Counterfeit Christmas lights may be posing a hazard in some homes this season. New Jersey officials conducting a sweep of urban discount stores found holiday lights, decorations and other electrical items that bear counterfeit labels of the Underwriters Laboratory (UL) testing organization.
Since the lights and cords haven't really been tested, it's possible they pose a fire hazard.
Millions of products and their components are tested to UL's safety standards and those that have been certified as safe may carry the UL seal. Manufacturers are not only misleading consumers when they fraudulently place the seal on their product, but could be putting consumers at risk.
New Jersey Department of Consumer Affairs investigators purchased 179 items from 43 dollar stores in Paterson, Newark, Trenton and Camden and sent the products to UL to determine if any bear counterfeit labels. UL found seven items with the UL logo on their packaging, but counterfeit UL labels attached to the products.
"Consumers depend on the UL label as proof that a product meets UL's standards," New Jersey Attorney General Paula T. Dow said. "When that label, or the labels of other testing organizations, are falsely applied to untested products, the public is defrauded and, of greater concern, placed at unnecessary risk."
Counterfeit consumer products make up a huge black market industry. Counterfeit goods generate hundreds of billions of dollars in sales each year, making up about seven percent of all global trade, according to a recent report by the business news cable channel CNBC. At U.S. ports alone, counterfeit products seized in 2009 had an estimated street value of more than $260 million.
Besides knockoffs of designer shoes and handbags, counterfeiters also produce electrical devices, such as extension cords. Instead of using copper, they use cheaper wire that is prone of overheating and could catch fire.
The stores selling the items with counterfeit UL labels cooperated with New Jersey investigators, removing all such items from store shelves and providing their purchasing records to the state. The Department of Consumer Affairs said it will notify the Customs and Border Patrol within the U.S. Department of Homeland Security since these products are imported.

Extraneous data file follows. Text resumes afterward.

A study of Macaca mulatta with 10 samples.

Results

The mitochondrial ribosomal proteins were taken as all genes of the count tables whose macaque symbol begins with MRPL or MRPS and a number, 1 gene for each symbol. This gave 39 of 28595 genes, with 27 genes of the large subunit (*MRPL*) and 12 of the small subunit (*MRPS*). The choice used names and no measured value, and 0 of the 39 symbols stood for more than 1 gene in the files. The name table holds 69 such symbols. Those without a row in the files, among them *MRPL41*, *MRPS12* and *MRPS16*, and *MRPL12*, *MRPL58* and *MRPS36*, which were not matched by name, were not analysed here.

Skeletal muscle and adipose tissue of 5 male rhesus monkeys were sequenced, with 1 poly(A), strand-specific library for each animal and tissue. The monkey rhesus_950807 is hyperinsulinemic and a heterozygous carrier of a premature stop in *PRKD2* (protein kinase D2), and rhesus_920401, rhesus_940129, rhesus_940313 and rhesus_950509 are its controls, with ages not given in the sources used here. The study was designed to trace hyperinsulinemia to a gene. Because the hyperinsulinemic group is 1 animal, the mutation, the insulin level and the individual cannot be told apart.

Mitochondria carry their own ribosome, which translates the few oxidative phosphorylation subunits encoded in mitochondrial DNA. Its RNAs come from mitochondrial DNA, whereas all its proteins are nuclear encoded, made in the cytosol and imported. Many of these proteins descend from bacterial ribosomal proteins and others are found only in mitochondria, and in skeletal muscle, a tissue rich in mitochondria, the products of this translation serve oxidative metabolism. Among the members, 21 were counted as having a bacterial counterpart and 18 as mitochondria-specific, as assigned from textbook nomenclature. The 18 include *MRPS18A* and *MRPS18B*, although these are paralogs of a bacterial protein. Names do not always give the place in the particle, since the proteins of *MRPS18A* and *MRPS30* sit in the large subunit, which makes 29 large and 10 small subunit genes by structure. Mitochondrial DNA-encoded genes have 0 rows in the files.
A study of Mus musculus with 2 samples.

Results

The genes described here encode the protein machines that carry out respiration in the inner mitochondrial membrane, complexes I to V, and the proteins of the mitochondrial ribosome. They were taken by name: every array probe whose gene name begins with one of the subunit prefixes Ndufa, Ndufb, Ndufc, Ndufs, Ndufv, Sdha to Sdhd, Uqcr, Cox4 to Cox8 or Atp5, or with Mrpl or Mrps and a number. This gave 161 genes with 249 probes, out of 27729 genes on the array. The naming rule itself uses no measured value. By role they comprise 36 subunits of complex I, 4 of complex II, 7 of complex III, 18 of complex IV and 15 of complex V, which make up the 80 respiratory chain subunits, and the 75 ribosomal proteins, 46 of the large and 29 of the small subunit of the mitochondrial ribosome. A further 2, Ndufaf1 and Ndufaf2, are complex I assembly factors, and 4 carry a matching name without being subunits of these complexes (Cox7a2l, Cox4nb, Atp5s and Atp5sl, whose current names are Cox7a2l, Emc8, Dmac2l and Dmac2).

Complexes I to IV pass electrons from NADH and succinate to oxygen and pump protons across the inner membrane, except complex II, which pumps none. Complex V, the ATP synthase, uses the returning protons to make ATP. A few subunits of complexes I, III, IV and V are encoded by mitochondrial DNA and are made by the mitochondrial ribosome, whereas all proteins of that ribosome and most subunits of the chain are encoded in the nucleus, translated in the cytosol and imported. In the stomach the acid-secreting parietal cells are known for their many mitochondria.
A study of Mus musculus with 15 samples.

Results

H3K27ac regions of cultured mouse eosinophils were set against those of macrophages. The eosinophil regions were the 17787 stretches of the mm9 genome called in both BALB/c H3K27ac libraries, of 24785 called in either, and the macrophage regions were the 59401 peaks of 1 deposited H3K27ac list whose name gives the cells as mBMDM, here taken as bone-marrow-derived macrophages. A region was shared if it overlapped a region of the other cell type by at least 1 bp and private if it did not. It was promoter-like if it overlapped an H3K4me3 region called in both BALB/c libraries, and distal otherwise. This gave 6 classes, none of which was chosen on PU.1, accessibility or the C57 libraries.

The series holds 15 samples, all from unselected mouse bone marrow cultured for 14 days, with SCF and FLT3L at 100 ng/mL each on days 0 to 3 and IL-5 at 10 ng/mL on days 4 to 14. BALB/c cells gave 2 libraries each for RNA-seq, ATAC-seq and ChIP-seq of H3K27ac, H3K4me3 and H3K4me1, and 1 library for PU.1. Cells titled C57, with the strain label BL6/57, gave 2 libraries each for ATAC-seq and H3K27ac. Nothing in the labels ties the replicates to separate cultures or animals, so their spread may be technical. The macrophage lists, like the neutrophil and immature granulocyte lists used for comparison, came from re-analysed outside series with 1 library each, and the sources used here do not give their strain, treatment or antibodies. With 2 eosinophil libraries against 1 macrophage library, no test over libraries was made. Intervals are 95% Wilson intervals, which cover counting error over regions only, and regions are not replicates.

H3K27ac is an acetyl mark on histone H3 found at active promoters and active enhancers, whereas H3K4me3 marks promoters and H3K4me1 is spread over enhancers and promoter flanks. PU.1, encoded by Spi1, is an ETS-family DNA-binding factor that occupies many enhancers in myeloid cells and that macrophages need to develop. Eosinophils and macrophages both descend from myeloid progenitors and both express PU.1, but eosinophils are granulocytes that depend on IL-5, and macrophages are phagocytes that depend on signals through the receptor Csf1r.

"We're committed to keeping counterfeit, and potentially unsafe, products away from consumers," said Thomas R. Calcagni, Acting Director of the Division of Consumer Affairs. "A counterfeit label attached to an item is a deliberate attempt to deceive consumers and to commit fraud in violation of our state law."
The stores where products with counterfeit UL labels were found and removed from shelves are as follows:
- D&D 99 Cent store, 181 Market St., Paterson; Multicolor 140 Count Musical Christmas lights and Rainbow Light 12 Foot Rope.
- 99 Cents Shop & Up,123 Main St., Paterson; 10 Light Multi Tree Top and Red Blue Green 100 Light String Lights
- Dollar Classic, 154 Bloomfield Ave, Newark; 10 Light Multi Tree Top and Multicolor 100 Count Christmas string lights
- Jersey Dollar, 1960 Olden Ave Ext., Ewing; Sunlite Baseball Night Light
According to statistics released by the Electrical Safety Foundation International (ESFI), while 71 percent of people report that they are likely to use at least one extension cord for their holiday decorations, 33 percent of people are unlikely or very unlikely to check for a certification laboratory approval mark on the extension cords, lights and decorations they own or plan to buy.
An estimated 3,300 residential fires originate from extension cords each year, killing and injuring more than 300 people, according to the Consumer Product Safety Commission.